Fifty years from now, high-school students (if there are any) will be writing homework assignments on this masterful film. Today, in the year 2012, viewers under 18 aren't permitted to see this R-rated film without their parents. I agree with the rating. It does portray adult themes and it is violent, but still, little is shown that young-people today don't see on the web or while playing Halo 4.
As a creative fiction writer, I think that I learned several important lessons from the film and the insightful story it tells. First, there are no limits to the way vitally important messages about humanity can be told. I expect that some might have trouble following the story-line, as it was told as if someone was weaving individual strands of people’s lives into an magnificent tapestry that transports the viewer from one era to another between heartbeats. Before long, we recognize the commonality of the threads as we lean back and see the story as a whole. It’s not just the faces of the hauntingly familiar characters that ebb and flow in the plot, like the years and ages that flash by before our eyes, it’s their common humanity or lack there-of. In each era there are those who strive and sacrifice themselves to make the world more habitable for themselves, but more importantly, for others. And there are those who would pray on the helpless, and the hapless and those who are just sitting astride the planet as if they were riding a carnival ride eating popcorn. For them, there are a number of exciting 3D chase scenes.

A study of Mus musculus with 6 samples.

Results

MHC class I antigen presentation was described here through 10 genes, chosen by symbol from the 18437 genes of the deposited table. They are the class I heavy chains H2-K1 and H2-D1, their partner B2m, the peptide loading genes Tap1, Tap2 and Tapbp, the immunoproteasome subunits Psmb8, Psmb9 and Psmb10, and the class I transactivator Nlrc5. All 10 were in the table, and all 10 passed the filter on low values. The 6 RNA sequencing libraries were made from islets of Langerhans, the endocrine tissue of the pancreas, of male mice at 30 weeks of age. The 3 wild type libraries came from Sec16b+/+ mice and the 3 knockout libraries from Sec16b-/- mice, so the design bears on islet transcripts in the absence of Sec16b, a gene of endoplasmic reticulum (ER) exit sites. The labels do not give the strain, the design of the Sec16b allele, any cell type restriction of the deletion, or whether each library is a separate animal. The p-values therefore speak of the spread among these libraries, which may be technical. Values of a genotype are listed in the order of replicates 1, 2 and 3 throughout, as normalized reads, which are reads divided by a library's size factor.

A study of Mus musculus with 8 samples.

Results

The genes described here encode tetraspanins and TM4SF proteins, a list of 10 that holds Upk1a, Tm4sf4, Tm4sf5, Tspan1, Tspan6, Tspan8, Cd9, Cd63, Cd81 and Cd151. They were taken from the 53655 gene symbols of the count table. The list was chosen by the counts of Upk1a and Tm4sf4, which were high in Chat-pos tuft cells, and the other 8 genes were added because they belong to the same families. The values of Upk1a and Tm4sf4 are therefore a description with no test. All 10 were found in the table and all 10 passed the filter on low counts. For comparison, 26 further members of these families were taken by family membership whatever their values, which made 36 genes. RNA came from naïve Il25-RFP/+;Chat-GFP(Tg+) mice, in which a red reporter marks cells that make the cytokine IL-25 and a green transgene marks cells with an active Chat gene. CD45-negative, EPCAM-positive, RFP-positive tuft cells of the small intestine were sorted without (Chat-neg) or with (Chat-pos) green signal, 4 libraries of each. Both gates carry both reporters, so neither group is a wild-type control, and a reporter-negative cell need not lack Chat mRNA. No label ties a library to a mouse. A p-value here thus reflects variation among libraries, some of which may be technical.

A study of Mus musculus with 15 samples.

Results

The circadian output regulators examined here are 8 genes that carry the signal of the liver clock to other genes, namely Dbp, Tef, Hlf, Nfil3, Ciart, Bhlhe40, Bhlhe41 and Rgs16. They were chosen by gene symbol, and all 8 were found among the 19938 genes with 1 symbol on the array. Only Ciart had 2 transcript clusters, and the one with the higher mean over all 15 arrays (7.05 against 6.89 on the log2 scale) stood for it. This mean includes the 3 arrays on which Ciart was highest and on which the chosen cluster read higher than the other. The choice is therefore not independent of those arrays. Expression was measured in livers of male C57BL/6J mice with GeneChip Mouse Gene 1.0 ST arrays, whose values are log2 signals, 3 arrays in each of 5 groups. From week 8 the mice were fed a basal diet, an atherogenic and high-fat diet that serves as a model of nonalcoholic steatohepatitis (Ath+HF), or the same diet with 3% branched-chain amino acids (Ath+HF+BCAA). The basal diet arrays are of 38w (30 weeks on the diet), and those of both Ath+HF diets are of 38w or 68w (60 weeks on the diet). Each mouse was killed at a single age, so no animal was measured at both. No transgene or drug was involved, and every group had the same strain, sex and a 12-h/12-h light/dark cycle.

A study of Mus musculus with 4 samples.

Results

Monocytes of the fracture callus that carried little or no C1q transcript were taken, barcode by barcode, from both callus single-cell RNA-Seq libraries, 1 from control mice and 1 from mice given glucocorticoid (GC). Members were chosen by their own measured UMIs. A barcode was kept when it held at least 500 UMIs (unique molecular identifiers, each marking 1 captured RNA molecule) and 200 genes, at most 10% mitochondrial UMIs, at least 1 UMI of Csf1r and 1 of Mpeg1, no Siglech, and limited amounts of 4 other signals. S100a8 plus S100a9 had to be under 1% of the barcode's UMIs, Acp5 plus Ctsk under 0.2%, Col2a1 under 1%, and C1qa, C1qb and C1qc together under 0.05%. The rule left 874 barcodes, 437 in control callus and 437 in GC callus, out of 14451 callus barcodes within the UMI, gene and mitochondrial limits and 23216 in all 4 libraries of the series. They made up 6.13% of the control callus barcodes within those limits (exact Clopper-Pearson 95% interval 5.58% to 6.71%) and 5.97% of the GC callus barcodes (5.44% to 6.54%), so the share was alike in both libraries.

I also learned that this story raises the bar on writing, directing and acting. I now have a rather lofty goal to create something at least half this impactful. I hope to fold in more of these life lessons of sacrifice, generosity and courage into my future work.
Go see it. After you see it, consider taking your older sons and daughters and explain it to them or listen while others try to explain it to each other. I’ll be listening too. We all are in this together. I hope we survive.